Tougher rules on credit card surcharges from 1 September 2017 – September 2017
The Government’s ban on excessive credit card surcharging for all businesses took effect from 1 September.
Treasurer Scott Morrison said the action would ensure that Australians were not ripped off when they make purchases with their cards.
“This will give consumers the confidence that any surcharge on card purchases will now have to reflect the true cost of the transaction, not an artificially inflated sum designed to profit gouge,” he said.
The extension of the ban to all businesses follows the regime applying to large businesses from 1 September last year.
The Treasurer said smaller businesses were granted extra time to prepare for the ban, but if they continued to impose a charge for card payments, they must restrict it to their reasonable cost of acceptance of the payment.
Mr Morrison said: “Consumer watchdog the ACCC will act as a strong cop on the beat to police these rules.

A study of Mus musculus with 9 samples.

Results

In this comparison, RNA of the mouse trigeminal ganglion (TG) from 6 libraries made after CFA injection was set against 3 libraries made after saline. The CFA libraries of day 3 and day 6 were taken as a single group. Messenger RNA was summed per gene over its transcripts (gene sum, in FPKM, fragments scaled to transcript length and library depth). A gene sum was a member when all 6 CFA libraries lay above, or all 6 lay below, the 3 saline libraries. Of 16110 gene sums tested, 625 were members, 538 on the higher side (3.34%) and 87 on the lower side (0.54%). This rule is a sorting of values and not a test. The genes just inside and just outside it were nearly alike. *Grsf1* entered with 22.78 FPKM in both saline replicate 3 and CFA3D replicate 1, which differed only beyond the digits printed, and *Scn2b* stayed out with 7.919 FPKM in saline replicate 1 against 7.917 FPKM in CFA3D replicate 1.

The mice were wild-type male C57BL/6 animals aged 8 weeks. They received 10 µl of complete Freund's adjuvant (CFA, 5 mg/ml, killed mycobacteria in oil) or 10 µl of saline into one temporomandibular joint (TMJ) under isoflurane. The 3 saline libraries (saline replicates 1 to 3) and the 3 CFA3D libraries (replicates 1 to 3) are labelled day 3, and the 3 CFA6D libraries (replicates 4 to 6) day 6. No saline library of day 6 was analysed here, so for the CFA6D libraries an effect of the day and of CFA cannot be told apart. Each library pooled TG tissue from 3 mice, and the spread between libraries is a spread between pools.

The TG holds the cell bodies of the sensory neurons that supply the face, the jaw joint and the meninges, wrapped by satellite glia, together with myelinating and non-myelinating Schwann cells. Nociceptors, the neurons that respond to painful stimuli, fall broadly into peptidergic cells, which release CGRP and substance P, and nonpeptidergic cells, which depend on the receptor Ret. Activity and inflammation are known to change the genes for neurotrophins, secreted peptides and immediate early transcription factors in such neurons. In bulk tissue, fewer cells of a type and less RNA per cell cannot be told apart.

“If people find that they are being hit with an excessive surcharge when they go to the shops, buy tickets online or book a holiday, they should not hesitate to contact them on 1300 302 502.
“Many businesses choose not to impose surcharges. Where they choose to impose a charge for card payment, this should be made clear to the consumer.
“As a guide, where a charge is imposed, consumers should expect to pay around 0.5 to 1 per cent for payment by debit card, 1 to 1.5 per cent by MasterCard and Visa credit cards and 2 to 3 per cent for American Express.
“If charges exceed these ranges, the matter can be raised with the ACCC for investigation.
“A surcharge includes any charge based on type of payment method used. This would include for example, charges imposed for ‘low value’ transactions.
“Merchants that face some fixed costs for accepting low value transactions should ensure that any charges they apply do not exceed their cost of acceptance.
“Banks have been required to provide statements with average costs of accepting each payment method to inform business decisions on surcharging.”
Further guidance for businesses and consumers is available on the Australian Competition and Consumer Commission website.